One of the straightest paths to profitability? The jagged line of a dramatic arc. The twists and turns of boutique fashion label, Horses Atelier.
Edit: Sopinka and Dey edited their entire line down to 5 iconic looks, resulting a product story that was simple, clear and easy to understand.
Curate: Influences for Horses Atelier are mined from literature, music, art, journalism, pop culture then forged into an original brand. True curation is channeling what you love into something singular and new.
Ignore Rejection: Rebuffed by major players in the Canadian fashion industry, the women behind Horses Atelier kept telling their story - and it eventually clicked with a top retailer (The Bay), international media (Vogue) and, most crucially, sales.
Knowing how to tell your story is knowing how to sell your business.
So when best friends Heidi Sopinka and Claudia Dey decided to set aside their writerly ambitions in the spring of 2012 to start Horses Atelier, a boutique dress line, they'd already refined the art that would prove key to their company's early success.
"We couldn't believe how narrative the process is," says Dey of the brand- and company-building process. "It's completely about story. Heidi and I sort of comb the world, find our obsessions, go into our cave, refine them with this tiny posse of patternmakers, sample seamstresses, then we edit, edit, edit mercilessly. And then we become outward-facing and, you know... sell it."
In the spring of 2012, the duo, best friends since their university days at McGill, were pushing their baby strollers under a grimy bridge in Toronto's Parkdale neighbourhood discussing their extensive vintage collections when an idea was floated: What if we made something of our own? Within a half-block, they'd come up with their Patti Smith-inspired label name and a plan for what their first season would be.
Their ambitions would come at a cost. Dey, a Governor-General-nominated playwright and novelist, and Sopinka, a working editor and former Globe and Mail columnist, would have to put their literary careers on hold, indefinitely. They'd also have to work around raising a brood of kids - Sopinka, 41, is a mother of three; Dey, 40, has a pair of her own.
"We jumped in fully, having no idea what we were getting into," says Sopinka. "Just an idea of what we were going to make. Coming at it as writers, obviously there was a huge learning curve."
Working out of Dey's third-floor attic, the pair crafted drawings by deconstructing their favourite vintage finds. Originality, workmanship and an Old-World attention to detail would guide the process, resulting in a lineup of five iconic silhouettes: a slip dress, caftan, blouson, tunic and sundress. A pattern maker was brought into the fold. They found a production person - an Argentinean salsa dancer within walking distance of their fashion lab. And they sketched out a character who'd want to wear their first line: "she was dynamic and singular, interested in collecting heirlooms and not interested in trends," says Dey. "sort of Parisian chic meets 1970s jet-set. We knew what kind of music she listened to and how she liked to eat, and that she'd have a Gitane [to ride] at midnight if she felt like it. You know, she was free."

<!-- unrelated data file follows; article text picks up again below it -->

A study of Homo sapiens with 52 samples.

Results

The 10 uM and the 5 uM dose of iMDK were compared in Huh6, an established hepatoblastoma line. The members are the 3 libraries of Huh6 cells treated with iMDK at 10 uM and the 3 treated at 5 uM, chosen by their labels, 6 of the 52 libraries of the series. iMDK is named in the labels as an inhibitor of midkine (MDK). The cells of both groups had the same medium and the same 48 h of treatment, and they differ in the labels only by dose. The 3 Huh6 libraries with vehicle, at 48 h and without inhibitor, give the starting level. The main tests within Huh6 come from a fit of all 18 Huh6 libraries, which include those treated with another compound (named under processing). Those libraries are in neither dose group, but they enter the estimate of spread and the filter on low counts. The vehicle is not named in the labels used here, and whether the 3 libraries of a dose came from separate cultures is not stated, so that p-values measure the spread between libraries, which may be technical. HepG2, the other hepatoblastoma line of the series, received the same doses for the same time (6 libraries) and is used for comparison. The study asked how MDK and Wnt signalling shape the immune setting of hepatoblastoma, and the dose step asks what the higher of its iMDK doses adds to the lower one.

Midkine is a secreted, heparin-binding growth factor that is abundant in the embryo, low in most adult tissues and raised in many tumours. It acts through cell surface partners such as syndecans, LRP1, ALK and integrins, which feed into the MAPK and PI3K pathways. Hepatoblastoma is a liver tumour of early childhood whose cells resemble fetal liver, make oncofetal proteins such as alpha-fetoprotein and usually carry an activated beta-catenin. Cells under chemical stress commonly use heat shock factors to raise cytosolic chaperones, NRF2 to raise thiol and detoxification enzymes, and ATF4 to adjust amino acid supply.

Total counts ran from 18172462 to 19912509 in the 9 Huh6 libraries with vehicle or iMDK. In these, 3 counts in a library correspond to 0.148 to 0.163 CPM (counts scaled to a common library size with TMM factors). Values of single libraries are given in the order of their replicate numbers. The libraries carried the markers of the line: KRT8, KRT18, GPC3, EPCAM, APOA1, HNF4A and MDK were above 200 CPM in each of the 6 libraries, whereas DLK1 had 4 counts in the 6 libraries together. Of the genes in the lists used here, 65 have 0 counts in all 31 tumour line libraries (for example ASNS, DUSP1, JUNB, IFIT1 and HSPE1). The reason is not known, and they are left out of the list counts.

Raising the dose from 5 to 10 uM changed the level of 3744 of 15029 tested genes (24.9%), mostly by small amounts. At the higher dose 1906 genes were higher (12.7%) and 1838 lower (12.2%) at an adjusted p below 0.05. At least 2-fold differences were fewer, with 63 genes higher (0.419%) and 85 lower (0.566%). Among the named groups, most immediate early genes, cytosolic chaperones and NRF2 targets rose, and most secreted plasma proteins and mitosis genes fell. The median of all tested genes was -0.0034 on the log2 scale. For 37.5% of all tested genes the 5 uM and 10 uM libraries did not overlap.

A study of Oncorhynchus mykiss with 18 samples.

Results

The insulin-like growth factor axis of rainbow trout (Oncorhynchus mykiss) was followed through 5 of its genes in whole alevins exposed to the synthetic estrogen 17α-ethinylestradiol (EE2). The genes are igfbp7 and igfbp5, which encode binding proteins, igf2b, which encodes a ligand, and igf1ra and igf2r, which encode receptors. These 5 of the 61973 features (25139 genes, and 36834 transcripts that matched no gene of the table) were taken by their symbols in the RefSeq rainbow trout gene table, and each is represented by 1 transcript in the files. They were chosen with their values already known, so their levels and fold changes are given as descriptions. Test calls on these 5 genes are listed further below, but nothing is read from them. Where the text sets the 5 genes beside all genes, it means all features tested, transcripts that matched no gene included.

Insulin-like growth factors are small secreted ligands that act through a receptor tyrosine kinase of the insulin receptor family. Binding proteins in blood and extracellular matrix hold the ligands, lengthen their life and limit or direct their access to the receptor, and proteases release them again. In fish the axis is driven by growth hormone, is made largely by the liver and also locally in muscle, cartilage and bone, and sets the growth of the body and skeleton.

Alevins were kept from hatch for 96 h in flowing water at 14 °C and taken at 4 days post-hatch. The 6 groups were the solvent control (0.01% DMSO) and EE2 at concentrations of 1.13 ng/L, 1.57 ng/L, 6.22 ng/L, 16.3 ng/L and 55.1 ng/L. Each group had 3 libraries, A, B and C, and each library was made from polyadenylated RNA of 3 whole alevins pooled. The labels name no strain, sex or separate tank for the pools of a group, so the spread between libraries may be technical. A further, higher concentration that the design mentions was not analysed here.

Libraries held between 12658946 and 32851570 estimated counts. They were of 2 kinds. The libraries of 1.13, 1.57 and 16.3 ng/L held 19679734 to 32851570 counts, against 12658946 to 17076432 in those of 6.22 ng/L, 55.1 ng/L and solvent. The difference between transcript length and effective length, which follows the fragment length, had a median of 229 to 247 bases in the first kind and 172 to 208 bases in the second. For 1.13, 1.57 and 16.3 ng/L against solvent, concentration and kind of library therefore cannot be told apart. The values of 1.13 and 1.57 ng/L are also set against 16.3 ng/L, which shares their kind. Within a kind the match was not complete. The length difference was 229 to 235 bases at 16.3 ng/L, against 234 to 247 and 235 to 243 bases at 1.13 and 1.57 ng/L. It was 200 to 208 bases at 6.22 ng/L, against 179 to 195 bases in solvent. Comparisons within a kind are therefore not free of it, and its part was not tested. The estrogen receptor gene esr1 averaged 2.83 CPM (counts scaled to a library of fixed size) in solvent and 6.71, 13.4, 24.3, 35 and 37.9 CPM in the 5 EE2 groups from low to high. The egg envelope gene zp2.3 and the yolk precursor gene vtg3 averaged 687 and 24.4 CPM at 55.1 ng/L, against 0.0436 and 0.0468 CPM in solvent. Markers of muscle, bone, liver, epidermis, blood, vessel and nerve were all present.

By early fall, they were ready to start pitching the collection.
Their first presentation, to a Canadian fashion powerhouse, was received, well, with some indifference. Deflated but undaunted, Dey and Sopinka hopped a plane to L.A., where TENOVERSIX, a stockist with Hollywood pedigree, picked up the label. Inevitably, Canadian success followed: Horses Atelier essentially sold out its first collection (almost 200 pieces in total, ranging from $300-$600 a pop), and found hanging space beside well-established designers in The Hudson Bay Company's White Space and Jonathan + Olivia, a beautifully curated boutique on Toronto's Ossington Avenue. Their dresses were slipped over the heads of celebrities such as Feist and Jessica Paré. By their first anniversary, they'd landed in the pages of Vogue.
None of their early success happened by chance. From day one, they'd integrated a webshop into the business plan and began crafting a strong social media presence that defines the visual aesthetic of the brand with carefully curated images and messages distributed via Instagram, Tumblr, Twitter and Facebook. "We've got our spiel down," says Sopinka with a laugh. "We call it speed-dating, just trying to sell who we are and what we're making in, like, two seconds."
With a second collection (fall-winter) coming into stores at the end of August, and their third (spring/summer) currently being finalized for early September's New York Fashion Week, Sopinka and Dey's make-it-locally, blow-it-up internationally ethos promises to continue building the atelier's narrative arc.
They're not asking much.
"Just world domination," says Dey, deadpan. "But keeping it personal: Make everything in Toronto. The fabrics we source are the finest fabrics. The prints are custom prints. The colours are signature colours that we literally made in our basement. [Take all that] and repeat on a larger scale. We want to have a robust business."